In the world of personal computers for business --a world, despite Apple's best efforts, that consists almost entirely of the IBM-PC and its clones -- you really won't find a much better computer today than the Zenith Z-150.

In this space last week, as loyal readers may remember, I set forth the frustrations I encountered in building a personal computer from a kit -- a kit supplied by Heathkit Co. (Benton Harbor, Mich. 49022). But that sad story had a happy ending. When the kit was finally finished, I had a great computer: the Heathkit H-151, the kit version of the Zenith Z-150 (this is possible because Heathkit is a subsidiary of Zenith).

The Zenith/Heathkit entry in the IBM-compatible sweepstakes is a winner because it has followed closely the pattern set by the most successful maker of IBM-aping personal computers, Compaq. Like the Compaq line, Zenith offers its MS-DOS computer in both desktop (the Z-150) and portable (Z-160) models. Like Compaq, Zenith keeps its prices a little below IBM's, and it responds to IBM price cuts with comparable cuts.

Like Compaq, the Zenith offers so-called "100 percent compatibility" with the IBM; the Zenith machine can read and write IBM disks and can run just about any software written for the IBM-PC with no need for adaptation or patching. In tests over the past month, my Z-150 had no trouble with two dozen examples of IBM software, including "acid test" programs such as Flight Simulator, Microsoft WORD and Frontrix -- software that many alleged "compatibles" can't handle. The Zenith also can take standard IBM peripherals and expansion boards without adaptation.

The only IBM program I couldn't get to run on the Zenith was IBM's BASIC, which needs the proprietary IBM read-only memory to operate. This problem is fairly easily solved by buying ($100) the GW-BASIC program, which Zenith, inexplicably, does not include with its computer.

Like Compaq, Zenith solves the text/graphics problem by providing as standard equipment a video board that will run both monochrome and color monitors. The Zenith video board also can run graphics software written for the IBM color monitor on a standard monochrome screen. This important feature means you can use a monochrome screen, and the high-resolution words and numbers it displays, and still run programs that would require a separate color/graphics display on the IBM and most other computers.

Like Compaq, Zenith makes its computers in the United States, which means you can buy one without incurring the wrath of this column. And like Compaq, Zenith seems to be a healthy company with a long future -- an important concern for anybody buying a personal computer in today's tumultuous market.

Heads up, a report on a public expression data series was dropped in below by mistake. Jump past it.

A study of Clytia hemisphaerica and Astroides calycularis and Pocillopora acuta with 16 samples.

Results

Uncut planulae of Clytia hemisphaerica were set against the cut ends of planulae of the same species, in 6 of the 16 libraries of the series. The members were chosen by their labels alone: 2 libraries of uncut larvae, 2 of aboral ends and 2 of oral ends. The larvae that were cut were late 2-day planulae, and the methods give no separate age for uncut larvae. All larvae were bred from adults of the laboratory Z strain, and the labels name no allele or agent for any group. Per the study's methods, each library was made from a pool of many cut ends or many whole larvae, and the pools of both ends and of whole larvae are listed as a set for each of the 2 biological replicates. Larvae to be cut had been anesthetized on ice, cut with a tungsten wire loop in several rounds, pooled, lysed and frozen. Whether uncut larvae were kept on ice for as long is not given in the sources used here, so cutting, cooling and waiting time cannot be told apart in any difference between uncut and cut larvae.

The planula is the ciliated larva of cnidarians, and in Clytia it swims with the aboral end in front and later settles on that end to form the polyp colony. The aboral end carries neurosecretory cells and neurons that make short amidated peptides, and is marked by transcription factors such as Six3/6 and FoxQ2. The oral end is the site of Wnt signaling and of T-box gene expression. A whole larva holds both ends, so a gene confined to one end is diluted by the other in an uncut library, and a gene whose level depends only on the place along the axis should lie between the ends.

And yet, for my money, Zenith has done some things even better than Compaq and IBM.

For starters, Zenith was smart enough to provide a regular, Selectric-style keyboard, rather than blindly copying the bungled keyboard that IBM inexplicably provides with its PC and XT. Although the Zenith has a self-diagnostic routine that runs every time you turn it on, the designers have made it an extremely fast operation. Instead of the 40- to 60-second delay that IBM users put up with, the Zenith is ready to use about five seconds after it's turned on.

Zenith's prices tend to be about 5 to 10 percent lower than Compaq's, and Zenith periodically offers a small bundle of free business-oriented software (my H-151 came with Microsoft WORD and Multiplan) in the bargain. Reflecting its connection with Heathkit, which caters to serious computer buffs, the Zenith computer provides a number of useful functions and features that greatly enhance an advanced user's ability to make the most of the computer.

The MS-DOS manual that comes with the Zenith machine is by far the most complete and detailed MS-DOS book I've ever seen. It might overwhelm a beginner, but for power users it is a treasure. Zenith's version of MS-DOS includes a number of utilities not provided with the IBM-PC, including the ability to read disks written under the CP/M operating system.

Also provided is a utility that will create a RAMdisk in memory. This little bonus feature has two great assets. For one, it's provided free; IBM and many clones require that you go out and buy a separate RAMdisk program. Second, the Zenith program lets the user decide precisely where in memory the RAMdisk will reside. This is an enormous boon to those of us who use other memory-resident programs, such as SideKick and Maxam. The inclusion of this small feature, which I've never seen on any other RAMdisk software, reflects Zenith's admirable concern for the serious computer user.

To sum up my two columns on this subject, then, I would say that the Zenith Z-150 is a terrific IBM clone that I can recommend -- if you buy it fully assembled. Unless you're a glutton for confusion and frustration, I can't recommend buying the kit version of this computer, the Heathkit H-151, which you put together yourself.